Liberia: Annan to close old UN office in preparation for new mission

In light of the impending establishment of a new United Nations mission in Liberia, Secretary-General Kofi Annan has decided to close an office that was set up in the war-torn West African country six years ago but whose efforts to bring peace, reconciliation and respect for human rights were hamstrung by renewed fighting.

The UN Peace-building Support Office in Liberia (UNOL), established on 1 November 1997, "facilitated the promotion of national reconciliation and good governance and helped mobilize international support for the implementation of reconstruction and development programmes," Mr. Annan said in a letter to the Security Council released today.

"However, as the Security Council is aware, the peace-building efforts of UNOL were seriously hindered by the inability of the government and opposition party leaders to resolve differences over key issues of governance. Meanwhile the promotion of national reconciliation was undermined by systematic abuses of human rights, the exclusion and harassment of political opponents and the absence of security sector reform," he added.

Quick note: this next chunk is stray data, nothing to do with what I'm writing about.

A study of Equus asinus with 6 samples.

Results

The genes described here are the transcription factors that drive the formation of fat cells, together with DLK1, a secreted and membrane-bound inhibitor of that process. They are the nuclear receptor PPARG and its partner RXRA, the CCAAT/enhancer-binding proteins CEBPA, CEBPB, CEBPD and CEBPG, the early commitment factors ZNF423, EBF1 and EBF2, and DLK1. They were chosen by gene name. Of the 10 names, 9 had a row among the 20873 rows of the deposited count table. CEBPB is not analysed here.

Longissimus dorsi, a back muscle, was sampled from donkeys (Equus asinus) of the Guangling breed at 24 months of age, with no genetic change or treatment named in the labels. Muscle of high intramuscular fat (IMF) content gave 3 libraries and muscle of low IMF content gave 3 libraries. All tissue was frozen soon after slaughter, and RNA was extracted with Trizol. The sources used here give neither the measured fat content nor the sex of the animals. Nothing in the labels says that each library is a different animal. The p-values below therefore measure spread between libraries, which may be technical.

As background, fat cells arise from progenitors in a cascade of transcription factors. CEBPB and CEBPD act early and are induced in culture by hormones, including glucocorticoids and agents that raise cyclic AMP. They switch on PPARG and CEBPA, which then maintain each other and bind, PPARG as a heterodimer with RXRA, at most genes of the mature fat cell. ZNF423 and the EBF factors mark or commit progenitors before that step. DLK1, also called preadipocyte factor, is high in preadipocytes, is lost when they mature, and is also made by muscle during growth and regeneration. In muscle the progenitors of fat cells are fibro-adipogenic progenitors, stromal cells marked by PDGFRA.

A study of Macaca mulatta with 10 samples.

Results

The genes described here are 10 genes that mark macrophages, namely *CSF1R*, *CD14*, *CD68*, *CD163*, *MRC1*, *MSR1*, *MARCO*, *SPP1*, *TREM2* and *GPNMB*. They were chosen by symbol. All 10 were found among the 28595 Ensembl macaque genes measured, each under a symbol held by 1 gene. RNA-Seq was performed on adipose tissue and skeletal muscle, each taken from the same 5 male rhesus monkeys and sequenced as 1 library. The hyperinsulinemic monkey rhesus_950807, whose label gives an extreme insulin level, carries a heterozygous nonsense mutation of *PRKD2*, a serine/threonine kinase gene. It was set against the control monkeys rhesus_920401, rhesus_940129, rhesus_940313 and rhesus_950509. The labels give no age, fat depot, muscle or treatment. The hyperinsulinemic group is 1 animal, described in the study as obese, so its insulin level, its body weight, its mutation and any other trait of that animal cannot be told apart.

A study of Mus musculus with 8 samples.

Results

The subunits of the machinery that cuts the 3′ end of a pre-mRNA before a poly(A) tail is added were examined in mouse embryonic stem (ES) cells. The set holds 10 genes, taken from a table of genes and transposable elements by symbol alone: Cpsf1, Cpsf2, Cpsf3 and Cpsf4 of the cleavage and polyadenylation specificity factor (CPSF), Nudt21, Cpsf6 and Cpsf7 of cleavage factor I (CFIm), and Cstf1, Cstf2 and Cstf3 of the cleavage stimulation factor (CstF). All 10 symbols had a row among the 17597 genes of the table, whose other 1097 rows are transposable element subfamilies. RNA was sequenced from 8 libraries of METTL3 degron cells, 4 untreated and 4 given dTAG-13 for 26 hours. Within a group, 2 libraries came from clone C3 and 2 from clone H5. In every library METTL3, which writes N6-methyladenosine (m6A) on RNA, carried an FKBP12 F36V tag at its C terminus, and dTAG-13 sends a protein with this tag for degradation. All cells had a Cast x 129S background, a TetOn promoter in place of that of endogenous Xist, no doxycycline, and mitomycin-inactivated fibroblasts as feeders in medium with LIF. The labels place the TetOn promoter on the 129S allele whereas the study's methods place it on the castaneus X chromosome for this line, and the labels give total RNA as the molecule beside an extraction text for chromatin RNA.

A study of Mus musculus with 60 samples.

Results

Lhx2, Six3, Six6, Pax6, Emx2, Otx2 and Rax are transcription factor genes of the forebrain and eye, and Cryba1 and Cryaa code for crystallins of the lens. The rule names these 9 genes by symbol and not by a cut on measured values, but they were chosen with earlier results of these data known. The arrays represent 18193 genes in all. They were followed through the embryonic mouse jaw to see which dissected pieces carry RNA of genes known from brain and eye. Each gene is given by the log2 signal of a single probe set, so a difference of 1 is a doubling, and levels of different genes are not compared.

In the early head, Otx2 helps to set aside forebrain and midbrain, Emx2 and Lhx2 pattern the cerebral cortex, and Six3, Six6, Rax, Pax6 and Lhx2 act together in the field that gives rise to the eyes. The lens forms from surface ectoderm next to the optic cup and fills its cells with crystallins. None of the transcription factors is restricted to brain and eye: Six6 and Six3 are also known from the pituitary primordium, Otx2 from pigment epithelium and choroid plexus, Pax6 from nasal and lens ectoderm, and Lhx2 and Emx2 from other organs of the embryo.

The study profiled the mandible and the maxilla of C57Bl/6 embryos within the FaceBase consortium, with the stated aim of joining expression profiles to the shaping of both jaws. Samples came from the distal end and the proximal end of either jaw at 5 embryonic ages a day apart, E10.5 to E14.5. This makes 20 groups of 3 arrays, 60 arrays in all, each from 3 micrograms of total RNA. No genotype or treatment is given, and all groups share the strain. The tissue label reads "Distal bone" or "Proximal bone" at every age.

Mr. Annan said UNOL's major functions would be transferred to the new mission that is set to be established shortly following the Council's authorization in August of a West African-led multinational force for Liberia with a follow-on UN stabilization force. He said the security situation in the country had improved since the deployment of the multinational force.

In his latest report on Liberia, Mr. Annan asked the Council earlier this week to authorize the deployment of a multidimensional peacekeeping operation, to be called the UN Mission in Liberia (UNMIL), with a mandate to support the transitional government set up under a recent peace agreement between the factions, provide security, assist the return of refugees and help in demobilization and civil reform, among other things, leading to free and fair elections by October 2005.

Presenting the report, Mr. Annan's Special Representative for Liberia, Jacques Paul Klein asked the Council for 15,000 peacekeepers and 900 police to bring the war-shattered country back from "hellish limbo" and end the "cycle of brutality, violence, corruption and instability."